Third District Congressman Bill Orton told members of the Duchesne County Democratic Party that he is "strongly committed" to a national energy policy that would focus on the development of synthetic fuels buried deep beneath the Uintah Basin.
Orton made his remarks last week during the party's annual Jefferson-Jackson Day dinner in Roosevelt. Orton told fellow Democrats that President Bush has submitted a recommendation for a national energy policy. He said while he believes the proposal has merit, it doesn't go far enough, particularly in the development of tar sands and oil shale. Experts say millions of barrels of oil could be extracted from syn-fuel reserves in the Uintah Basin."I would like to see us go further. I would like to see us take significant steps back to where we were at the end of the 1970s. We had a much more aggressive energy policy in the '70s than we had in the entire decade of the '80s," he said.
"I think the government had a reasonable policy going previously where we used tax credits and research grants to encourage research and development into tar sands and oil shale. There was an energy development credit. I think these types of incentives go a long way toward encouraging and assisting private enterprise in developing mechanism for extracting the oil.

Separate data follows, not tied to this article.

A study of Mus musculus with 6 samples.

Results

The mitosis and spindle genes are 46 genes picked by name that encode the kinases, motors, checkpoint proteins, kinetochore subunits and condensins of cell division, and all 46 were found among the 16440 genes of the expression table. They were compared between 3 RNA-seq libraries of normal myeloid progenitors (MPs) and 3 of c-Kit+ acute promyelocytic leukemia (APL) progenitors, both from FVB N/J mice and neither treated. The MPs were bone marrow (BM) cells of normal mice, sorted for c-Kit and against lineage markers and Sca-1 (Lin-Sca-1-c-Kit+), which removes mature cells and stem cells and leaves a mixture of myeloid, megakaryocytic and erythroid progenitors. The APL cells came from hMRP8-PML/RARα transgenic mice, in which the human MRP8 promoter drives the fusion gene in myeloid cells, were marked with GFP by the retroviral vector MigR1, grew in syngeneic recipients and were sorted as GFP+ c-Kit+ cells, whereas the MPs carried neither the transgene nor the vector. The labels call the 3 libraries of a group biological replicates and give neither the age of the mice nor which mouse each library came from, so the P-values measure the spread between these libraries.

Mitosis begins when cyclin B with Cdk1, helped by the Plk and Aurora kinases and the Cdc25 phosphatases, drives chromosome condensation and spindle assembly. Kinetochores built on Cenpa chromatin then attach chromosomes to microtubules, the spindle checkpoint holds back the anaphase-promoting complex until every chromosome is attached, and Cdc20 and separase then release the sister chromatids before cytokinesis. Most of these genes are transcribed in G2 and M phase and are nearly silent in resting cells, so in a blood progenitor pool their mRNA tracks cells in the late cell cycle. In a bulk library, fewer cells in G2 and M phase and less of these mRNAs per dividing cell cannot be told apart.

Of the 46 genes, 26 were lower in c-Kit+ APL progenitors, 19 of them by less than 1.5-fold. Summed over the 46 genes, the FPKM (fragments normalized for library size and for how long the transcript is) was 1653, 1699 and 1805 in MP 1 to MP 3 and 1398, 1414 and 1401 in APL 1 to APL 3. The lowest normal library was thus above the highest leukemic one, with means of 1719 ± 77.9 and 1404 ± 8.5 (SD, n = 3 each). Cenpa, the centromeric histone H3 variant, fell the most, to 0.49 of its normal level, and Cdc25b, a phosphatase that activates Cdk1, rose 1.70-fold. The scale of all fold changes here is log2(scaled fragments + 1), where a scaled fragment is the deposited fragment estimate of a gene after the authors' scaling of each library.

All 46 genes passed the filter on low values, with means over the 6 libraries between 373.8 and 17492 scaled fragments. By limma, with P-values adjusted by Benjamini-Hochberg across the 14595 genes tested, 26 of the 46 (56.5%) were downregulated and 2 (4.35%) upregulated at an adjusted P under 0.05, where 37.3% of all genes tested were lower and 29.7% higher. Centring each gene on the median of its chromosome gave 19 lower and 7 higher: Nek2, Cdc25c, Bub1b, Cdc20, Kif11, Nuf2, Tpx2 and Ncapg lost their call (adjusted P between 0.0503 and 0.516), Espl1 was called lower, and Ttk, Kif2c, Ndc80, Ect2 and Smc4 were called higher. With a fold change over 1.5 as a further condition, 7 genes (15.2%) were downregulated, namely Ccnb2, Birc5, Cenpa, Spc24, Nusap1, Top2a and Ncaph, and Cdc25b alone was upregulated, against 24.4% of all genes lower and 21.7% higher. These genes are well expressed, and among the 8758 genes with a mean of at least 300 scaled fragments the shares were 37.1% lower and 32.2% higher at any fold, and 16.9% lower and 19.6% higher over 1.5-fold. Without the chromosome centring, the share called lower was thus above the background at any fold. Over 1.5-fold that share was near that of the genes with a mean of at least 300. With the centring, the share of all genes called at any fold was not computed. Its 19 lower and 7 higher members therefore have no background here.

"We need to realize and understand that we are on a roller coaster of international oil prices. The public needs to remember what happened just three or four months ago when the price of gasoline jumped. There was always the same supply of oil coming to us. It just went up because producers increased the price. So if we want to be free from the type of economic blackmail in the future, we had better be developing our own policies so we're dependent on our own reserves of resources and energy."
One energy policy Orton would like to see enacted is a fee on imported oil. He said the United States needs to take control of the price of oil inside our own country. "The real problem and the reason the Uintah Basin went bust several years ago is because the price of oil, which had been increasing, plummeted. When the international price of oil went down, domestic oil, and in particular Uintah Basin oil, which is fairly costly to extract, was no longer economically viable," said Orton.
He said a fee on imported oil would bring the cost of that oil up to where domestic oil reserves could compete economically.